Co-creation and ideation tools facilitate the most direct interaction between team members on the goals or desired outcomes of the project. Using these tools, participants can often work in groups directly editing or building the project artifact. Several of these tools are the same ones […]
Tag: Creative Commons
I have been spending this past week discussing how we can honor intellectual property with my students as we search the web for “copyfriendly” images to use for multimedia projects. Helping students to understand that all of their work – whether digital or not – […]
AASL’s 25 Best Sites for Teaching and Learning was posted last Fall but I never had a chance to blog about it. It contains links to a huge variety of resources for both teachers and librarians. Some of my favorite tools like Jing, Prezi, and the fabulous FREE webinar from Learn Central made the list and a few others that I have heard of before but haven’t had the chance to use with students – like MuseumBox and Storybird.
Here are three that I feel are important for teacher librarians:
Live Binders are a great way for Librarians to quickly share a series of website to share with students or teachers. You make a binder with websites, images, documents, a PowerPoint and movies. You can make binders private or public. If you want to share a private binder you give people an access key. A new feature is that you can now collaborate on LiveBinders. I love the idea of a students creating a PowerPoint or uploading an essay and then including the sites of where they got their information. Use the Present button to view your LiveBinder like a PowerPoint. Here is the link to my sample project I made for a Religion teacher: http://livebinders.com/play/present?id=61731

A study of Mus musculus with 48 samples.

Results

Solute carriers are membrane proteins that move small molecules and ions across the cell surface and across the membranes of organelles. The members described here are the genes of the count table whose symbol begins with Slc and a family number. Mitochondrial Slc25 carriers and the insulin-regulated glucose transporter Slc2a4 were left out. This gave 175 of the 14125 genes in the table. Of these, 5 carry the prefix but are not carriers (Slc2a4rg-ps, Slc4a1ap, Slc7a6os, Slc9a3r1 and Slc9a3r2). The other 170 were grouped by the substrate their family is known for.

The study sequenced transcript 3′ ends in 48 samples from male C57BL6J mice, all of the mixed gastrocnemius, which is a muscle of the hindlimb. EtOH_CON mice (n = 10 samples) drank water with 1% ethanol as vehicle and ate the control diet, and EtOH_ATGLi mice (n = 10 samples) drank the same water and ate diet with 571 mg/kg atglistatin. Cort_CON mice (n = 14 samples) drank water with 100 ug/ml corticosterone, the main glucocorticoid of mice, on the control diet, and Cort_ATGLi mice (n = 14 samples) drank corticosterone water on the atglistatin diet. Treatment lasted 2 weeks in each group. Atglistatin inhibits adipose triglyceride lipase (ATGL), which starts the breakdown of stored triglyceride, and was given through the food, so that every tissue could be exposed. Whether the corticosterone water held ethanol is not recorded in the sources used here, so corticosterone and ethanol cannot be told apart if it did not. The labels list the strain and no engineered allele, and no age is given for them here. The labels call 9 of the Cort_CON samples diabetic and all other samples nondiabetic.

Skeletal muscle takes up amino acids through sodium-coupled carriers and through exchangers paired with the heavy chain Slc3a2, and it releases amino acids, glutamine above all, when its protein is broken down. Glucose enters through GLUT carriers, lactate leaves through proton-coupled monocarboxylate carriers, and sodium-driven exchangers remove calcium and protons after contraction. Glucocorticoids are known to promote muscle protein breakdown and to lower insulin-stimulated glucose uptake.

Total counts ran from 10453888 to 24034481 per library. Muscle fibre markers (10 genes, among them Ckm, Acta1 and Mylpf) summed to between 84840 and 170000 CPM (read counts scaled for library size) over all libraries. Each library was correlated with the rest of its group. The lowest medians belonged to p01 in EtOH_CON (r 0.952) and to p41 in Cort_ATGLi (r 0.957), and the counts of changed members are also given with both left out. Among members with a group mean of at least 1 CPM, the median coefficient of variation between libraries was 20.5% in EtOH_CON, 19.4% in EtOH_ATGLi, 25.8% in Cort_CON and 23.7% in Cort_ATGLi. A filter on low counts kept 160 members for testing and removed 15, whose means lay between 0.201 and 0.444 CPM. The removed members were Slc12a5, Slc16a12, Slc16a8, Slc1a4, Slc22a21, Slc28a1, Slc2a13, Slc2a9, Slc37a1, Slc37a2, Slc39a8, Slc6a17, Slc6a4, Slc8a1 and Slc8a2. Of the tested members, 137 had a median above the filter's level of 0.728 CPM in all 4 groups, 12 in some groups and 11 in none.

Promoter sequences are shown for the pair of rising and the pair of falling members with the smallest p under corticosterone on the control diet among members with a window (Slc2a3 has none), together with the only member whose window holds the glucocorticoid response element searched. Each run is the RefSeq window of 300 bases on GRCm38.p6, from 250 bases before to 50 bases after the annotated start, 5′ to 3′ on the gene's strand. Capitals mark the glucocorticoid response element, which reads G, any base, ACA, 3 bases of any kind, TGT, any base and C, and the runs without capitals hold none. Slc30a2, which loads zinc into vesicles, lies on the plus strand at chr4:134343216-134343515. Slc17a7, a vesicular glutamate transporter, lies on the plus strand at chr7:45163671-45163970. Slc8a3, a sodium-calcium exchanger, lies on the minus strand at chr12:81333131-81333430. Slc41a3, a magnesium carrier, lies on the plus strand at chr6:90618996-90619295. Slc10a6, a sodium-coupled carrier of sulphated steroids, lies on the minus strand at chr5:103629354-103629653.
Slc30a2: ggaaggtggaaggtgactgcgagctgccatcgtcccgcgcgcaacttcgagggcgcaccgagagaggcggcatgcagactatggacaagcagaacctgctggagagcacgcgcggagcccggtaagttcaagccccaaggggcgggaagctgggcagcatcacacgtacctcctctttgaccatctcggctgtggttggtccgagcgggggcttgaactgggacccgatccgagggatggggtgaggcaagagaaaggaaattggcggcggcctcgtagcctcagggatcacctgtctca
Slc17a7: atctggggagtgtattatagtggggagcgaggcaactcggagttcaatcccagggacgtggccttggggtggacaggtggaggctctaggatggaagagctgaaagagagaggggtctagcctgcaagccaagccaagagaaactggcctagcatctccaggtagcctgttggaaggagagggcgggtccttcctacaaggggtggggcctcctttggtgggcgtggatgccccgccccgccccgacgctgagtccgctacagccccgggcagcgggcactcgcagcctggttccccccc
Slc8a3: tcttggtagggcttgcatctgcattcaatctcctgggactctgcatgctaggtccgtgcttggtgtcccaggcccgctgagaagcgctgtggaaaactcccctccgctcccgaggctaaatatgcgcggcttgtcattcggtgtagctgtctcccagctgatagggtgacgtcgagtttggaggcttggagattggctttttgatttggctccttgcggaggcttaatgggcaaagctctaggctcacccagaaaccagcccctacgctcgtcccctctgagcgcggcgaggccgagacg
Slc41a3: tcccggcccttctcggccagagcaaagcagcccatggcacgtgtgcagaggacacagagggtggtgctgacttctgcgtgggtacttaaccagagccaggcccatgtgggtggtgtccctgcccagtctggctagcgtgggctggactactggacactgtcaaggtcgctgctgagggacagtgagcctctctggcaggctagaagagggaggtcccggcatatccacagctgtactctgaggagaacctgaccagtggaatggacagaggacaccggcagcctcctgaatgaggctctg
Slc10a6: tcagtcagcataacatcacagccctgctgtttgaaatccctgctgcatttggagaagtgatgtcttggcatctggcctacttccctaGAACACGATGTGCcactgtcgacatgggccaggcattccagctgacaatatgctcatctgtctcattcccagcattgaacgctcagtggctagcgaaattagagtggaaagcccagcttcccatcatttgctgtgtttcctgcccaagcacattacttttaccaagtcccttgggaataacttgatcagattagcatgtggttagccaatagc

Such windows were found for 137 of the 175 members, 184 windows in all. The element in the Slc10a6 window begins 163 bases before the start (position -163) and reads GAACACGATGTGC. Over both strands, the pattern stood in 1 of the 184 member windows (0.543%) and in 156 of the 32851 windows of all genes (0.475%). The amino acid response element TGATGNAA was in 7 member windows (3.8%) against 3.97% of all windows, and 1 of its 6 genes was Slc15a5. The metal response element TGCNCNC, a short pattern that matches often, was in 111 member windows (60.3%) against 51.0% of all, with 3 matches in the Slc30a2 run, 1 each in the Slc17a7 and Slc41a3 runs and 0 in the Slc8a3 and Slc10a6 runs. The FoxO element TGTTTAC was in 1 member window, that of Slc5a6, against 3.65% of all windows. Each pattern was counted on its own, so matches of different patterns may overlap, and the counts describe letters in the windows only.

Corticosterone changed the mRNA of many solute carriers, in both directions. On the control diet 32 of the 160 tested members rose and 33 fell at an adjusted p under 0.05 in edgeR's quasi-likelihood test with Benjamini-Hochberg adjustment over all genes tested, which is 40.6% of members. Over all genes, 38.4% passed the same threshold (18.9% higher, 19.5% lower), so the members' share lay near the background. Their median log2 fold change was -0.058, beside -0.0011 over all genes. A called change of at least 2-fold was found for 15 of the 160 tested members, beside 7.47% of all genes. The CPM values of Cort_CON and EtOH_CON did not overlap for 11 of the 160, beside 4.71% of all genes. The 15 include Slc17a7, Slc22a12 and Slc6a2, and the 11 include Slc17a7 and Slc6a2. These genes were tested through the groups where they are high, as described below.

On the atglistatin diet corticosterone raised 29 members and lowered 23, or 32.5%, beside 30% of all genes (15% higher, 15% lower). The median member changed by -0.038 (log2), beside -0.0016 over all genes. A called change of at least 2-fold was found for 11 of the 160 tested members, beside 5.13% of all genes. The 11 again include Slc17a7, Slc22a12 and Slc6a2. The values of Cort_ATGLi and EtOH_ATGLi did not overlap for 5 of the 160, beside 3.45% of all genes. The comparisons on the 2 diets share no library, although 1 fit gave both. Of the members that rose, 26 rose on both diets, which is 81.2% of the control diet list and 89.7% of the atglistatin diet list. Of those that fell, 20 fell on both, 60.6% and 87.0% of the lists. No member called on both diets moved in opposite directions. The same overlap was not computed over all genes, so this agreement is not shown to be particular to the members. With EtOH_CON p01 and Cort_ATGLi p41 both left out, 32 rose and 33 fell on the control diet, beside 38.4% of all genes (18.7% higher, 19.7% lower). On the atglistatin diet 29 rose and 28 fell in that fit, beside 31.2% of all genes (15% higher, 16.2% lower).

I think it is essential to teach students about Creative Commons licensing if we want our students to honor intellectual property. Giving our students opportunities to be content-creators helps them value the works of artists, photographers, musicians, etc. Explain to a student when they create something they immediately own the copyright to that creation. They do not need to have a © to protect their creation. Students can choose to apply a Creative Commons license to their work if they choose. Students can choose whether to allow commercial use of their work, allow modifications and require attribution (credit). Here is an example of a Creative Commons license:
This work is licensed under a Creative Commons Attribution-NonCommercial 3.0 United States License. Another aspect of CC is requiring students to find images that have a CC license so they do not violate copyright. Joyce Valenza has a great wiki with all kinds of resources at: http://copyrightfriendly.wikispaces.com/
National Science Digital Library
I had the opportunity to attend a workshop given by the NSDL. What an incredible resource! The NSDL is the National Science Foundation’s online library of resources and collections for science, technology, engineering, and mathematics education and research. Think of it as a search engine for all things science. The NSDL collects resources from various organizations and evaluates them before allowing them to be part of their collection. Every Librarian and STEM teacher should know about it. Plus, the NSDL offers workshops, seminars, and presentations to teach you how to use their digital resources.